Advocacy Group Rebuts Prince George's on Hospital
A health care advocacy group is criticizing the Prince George's County Council for its recent handling of negotiations with the state over the future of the county's hospital system. Progressive Maryland is also suggesting that the council has been misleading the public about Dimensions Healthcare System, the private company that runs the system, and the impact the state's offer would have on the county.
The advocates say the council "paints incorrect scenarios about the hospital and other county services" in a posting on the county's website designed to answer frequently asked questions about the
On the website, the County Council says it is a "misnomer" to say that Prince George's owns or operates a hospital system. Progressive Maryland issued a point-by-point rebuttal of the council's arguments on its own website this week.
But Sean Dobson, acting director of Progressive Maryland, counters that argument, saying that the county does own the hospitals. "In a legal agreement reached in 1983, the county is clearly the owner of the property
and facilities and Dimensions is merely the leaseholder and operator of these assets," Dobson writes.
He also notes that under the lease agreement the county maintains two seat on the Dimensions Board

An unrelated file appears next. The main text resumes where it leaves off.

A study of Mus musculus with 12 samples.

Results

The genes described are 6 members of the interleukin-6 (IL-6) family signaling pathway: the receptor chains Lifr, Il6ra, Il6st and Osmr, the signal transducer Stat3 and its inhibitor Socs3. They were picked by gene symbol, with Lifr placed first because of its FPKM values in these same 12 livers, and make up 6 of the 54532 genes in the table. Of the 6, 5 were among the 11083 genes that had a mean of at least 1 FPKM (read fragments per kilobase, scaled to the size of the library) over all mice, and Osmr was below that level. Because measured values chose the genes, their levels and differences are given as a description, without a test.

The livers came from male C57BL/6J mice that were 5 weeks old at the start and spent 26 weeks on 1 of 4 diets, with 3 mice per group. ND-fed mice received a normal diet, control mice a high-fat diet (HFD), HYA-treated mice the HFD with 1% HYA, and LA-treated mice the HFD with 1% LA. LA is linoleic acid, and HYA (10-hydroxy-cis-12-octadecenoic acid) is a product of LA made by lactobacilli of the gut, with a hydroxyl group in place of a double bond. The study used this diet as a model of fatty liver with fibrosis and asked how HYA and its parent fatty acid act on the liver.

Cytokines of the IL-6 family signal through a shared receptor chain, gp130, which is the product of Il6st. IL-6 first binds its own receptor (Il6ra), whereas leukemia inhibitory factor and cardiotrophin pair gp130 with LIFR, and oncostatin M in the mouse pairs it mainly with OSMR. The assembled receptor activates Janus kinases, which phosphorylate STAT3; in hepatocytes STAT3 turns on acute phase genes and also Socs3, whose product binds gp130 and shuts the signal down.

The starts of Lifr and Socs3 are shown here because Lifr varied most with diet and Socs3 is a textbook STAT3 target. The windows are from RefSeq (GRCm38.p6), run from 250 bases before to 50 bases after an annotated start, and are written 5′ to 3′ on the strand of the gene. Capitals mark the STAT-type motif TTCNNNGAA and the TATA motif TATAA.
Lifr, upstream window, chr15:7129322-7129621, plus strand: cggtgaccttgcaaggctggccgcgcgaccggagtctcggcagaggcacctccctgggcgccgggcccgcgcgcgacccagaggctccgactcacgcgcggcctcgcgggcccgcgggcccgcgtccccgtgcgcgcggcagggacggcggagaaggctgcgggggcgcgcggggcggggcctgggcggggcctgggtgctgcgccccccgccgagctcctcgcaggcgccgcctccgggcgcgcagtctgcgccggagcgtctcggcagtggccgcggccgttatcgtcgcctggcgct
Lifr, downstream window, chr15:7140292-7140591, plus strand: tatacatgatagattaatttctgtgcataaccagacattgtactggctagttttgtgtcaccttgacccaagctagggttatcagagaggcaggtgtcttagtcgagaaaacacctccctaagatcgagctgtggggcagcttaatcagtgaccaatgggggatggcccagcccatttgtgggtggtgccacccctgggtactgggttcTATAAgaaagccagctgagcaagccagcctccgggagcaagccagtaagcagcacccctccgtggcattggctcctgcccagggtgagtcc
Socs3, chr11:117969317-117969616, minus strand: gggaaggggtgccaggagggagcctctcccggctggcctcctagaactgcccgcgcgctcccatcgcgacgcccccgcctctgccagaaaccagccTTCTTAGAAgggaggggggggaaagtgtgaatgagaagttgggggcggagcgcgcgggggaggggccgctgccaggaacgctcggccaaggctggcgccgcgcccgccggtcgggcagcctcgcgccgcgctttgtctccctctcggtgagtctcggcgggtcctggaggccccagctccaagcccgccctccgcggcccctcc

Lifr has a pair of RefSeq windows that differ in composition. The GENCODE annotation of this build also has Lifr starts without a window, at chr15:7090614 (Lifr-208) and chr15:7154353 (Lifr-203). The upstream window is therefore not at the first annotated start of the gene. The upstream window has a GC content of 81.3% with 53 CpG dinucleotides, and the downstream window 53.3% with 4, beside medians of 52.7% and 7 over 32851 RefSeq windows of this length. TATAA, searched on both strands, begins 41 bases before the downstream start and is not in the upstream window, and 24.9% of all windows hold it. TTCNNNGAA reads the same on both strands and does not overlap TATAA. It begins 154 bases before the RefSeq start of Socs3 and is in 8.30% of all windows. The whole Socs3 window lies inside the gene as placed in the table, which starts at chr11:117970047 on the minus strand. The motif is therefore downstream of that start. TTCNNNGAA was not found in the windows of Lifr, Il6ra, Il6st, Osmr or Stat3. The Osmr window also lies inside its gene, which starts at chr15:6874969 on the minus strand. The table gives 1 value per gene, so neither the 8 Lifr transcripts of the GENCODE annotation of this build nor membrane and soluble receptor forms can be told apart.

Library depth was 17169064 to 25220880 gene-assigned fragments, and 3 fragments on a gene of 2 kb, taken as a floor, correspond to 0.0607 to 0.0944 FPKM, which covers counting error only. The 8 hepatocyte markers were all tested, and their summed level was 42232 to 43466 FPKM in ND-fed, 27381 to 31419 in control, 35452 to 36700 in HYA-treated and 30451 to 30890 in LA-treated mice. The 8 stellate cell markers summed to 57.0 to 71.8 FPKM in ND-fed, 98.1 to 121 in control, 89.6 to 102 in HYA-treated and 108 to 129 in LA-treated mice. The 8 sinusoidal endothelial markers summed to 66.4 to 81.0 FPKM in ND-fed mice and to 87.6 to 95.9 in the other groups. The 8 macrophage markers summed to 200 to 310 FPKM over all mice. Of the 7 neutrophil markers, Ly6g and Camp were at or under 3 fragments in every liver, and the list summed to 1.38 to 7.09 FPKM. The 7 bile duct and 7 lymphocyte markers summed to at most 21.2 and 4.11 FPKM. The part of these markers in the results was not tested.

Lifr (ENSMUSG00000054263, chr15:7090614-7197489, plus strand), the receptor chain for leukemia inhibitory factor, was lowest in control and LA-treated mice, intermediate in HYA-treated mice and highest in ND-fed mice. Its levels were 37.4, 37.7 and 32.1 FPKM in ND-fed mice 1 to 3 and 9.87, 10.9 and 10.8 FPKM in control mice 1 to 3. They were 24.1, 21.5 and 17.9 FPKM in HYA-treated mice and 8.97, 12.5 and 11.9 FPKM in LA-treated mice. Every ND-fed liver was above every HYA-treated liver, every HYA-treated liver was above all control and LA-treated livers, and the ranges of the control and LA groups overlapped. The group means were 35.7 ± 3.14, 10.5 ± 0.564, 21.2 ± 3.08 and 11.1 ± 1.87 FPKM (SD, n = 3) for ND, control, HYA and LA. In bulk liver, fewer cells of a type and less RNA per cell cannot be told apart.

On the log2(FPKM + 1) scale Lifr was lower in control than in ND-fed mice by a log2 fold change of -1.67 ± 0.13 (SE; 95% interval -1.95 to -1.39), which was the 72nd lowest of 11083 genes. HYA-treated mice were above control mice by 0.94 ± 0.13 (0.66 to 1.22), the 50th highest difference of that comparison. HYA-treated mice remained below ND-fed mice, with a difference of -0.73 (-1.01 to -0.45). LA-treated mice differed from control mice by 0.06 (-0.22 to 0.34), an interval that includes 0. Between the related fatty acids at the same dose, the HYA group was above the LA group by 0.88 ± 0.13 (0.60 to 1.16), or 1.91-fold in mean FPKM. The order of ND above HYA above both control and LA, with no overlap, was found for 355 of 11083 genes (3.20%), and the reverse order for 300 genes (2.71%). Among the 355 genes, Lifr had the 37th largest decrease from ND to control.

The Council said paying $176 over eight years to restructure the hospital system, which is called for under the state's proposal, would negatively affect other county services. Dobson said that "scenario is false, noting that the county had nearly $300 million in its reserve fund, according to the fiscal year 2006 consolidated annual financial
audit. "There are plenty of funds available for the county to meet its commitment under the state's proposal without cuttng essential services," he said.
"The Prince George's County government needs to face up to its responsibility to its residents," Dobson said. "Band-aids and playing loose with the facts are not what the county needs."
The council rejected an eight-year, $329 million deal offered by the state on the final day of the legislative session last month. County Executive Jack B. Johnson announced last week that the county would pay "tens of millions" to keep the hospital open for the next 15 months -- a stop gap measure to give the county time to reach a long-term deal with the state over the county's future.
Dobson called the failure to reach an agreement during this year's 90-day legislative session a "gross dereliction of duty" and said that the council is not reaching out to the O'Malley administration to try to come to some type of an agreement. "It's crazy."
The council did not respond to requests for comment.